Have opposition criticisms of a leader you support, be it Obama, Bush, or Clinton, ever convinced you to change your mind? Or did the attack on “your” leader simply cause you to harden your heart further?
It may take a while, but I think the most effective approach is to simply ask, and keep asking, consistently, continuously, and in many different ways, “How does this specific Trump administration policy make you personally better off?
We are not going to change minds by calling Trump a racist, a misogynist, or a demagogue. Many of his supporters may very well prefer a whiter, more male-dominated America, where educated “elites” exercise less power. To put it in terms my Silicon Valley friends will recognize, to Trump’s supporters, these are features, not bugs.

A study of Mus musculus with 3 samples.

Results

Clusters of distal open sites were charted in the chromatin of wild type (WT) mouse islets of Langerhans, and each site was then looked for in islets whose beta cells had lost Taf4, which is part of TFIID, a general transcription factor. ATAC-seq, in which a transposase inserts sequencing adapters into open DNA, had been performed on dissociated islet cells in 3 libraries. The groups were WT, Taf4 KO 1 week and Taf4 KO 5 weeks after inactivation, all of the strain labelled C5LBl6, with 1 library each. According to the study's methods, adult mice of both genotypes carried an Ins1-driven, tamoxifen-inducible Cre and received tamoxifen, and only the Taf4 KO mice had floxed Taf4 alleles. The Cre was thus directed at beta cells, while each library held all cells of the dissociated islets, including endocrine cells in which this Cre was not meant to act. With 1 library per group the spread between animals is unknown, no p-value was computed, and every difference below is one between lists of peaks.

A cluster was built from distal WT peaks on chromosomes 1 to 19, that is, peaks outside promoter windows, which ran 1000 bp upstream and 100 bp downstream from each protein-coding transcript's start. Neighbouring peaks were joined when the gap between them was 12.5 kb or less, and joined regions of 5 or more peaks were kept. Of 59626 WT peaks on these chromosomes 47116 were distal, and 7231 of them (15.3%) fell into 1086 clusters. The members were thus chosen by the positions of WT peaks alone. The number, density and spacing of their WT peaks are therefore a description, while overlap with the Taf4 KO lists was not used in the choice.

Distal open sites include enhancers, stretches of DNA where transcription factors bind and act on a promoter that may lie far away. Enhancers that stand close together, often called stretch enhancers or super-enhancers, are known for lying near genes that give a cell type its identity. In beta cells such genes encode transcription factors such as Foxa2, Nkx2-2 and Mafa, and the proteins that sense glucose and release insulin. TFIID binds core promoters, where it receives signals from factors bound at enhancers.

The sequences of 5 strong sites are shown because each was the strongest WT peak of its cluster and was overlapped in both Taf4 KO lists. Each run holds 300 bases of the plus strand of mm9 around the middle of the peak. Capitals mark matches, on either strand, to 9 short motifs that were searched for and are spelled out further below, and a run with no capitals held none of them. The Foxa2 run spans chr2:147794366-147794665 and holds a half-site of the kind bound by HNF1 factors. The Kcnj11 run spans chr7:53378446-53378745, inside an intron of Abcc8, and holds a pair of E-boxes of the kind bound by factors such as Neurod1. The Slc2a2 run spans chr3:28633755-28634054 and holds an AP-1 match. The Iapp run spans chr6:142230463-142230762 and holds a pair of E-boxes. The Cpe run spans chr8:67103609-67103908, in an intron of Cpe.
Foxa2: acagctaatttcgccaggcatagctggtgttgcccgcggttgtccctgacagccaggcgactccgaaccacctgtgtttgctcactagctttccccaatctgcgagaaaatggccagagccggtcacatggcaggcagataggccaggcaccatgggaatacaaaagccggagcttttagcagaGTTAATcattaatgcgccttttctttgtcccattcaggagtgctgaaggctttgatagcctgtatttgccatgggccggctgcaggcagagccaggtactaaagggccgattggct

But many people voted for Trump because they felt that he was the only candidate offering them potential solutions that would better their lives–less globalization, fewer immigrants, more jobs for “real” Americans. Trump’s solutions are unlikely to work. Cajoling a small number of companies to preserve a small number of American factory jobs is not going to help more than a infinitesimally small proportion of people who voted for Trump.
I believe that Trump and his team realize this, and believe that their best chance to keep those voters from realizing that the Trump administration is going to make their lives worse, rather than better, is to keep them distracted by trying to focus their attention on “enemies,” be they foreigners or those coastal liberals who look down on “real” Americans.
I’m not arguing against protests or condemnation of the Trump administration. These seem to me to be justifiable and potentially useful. But reaching out to people who voted for Trump requires a different approach. And in a year or two, when they are still working the same job (or not working) and their lives have not improved one iota, I think they may very well start to listen.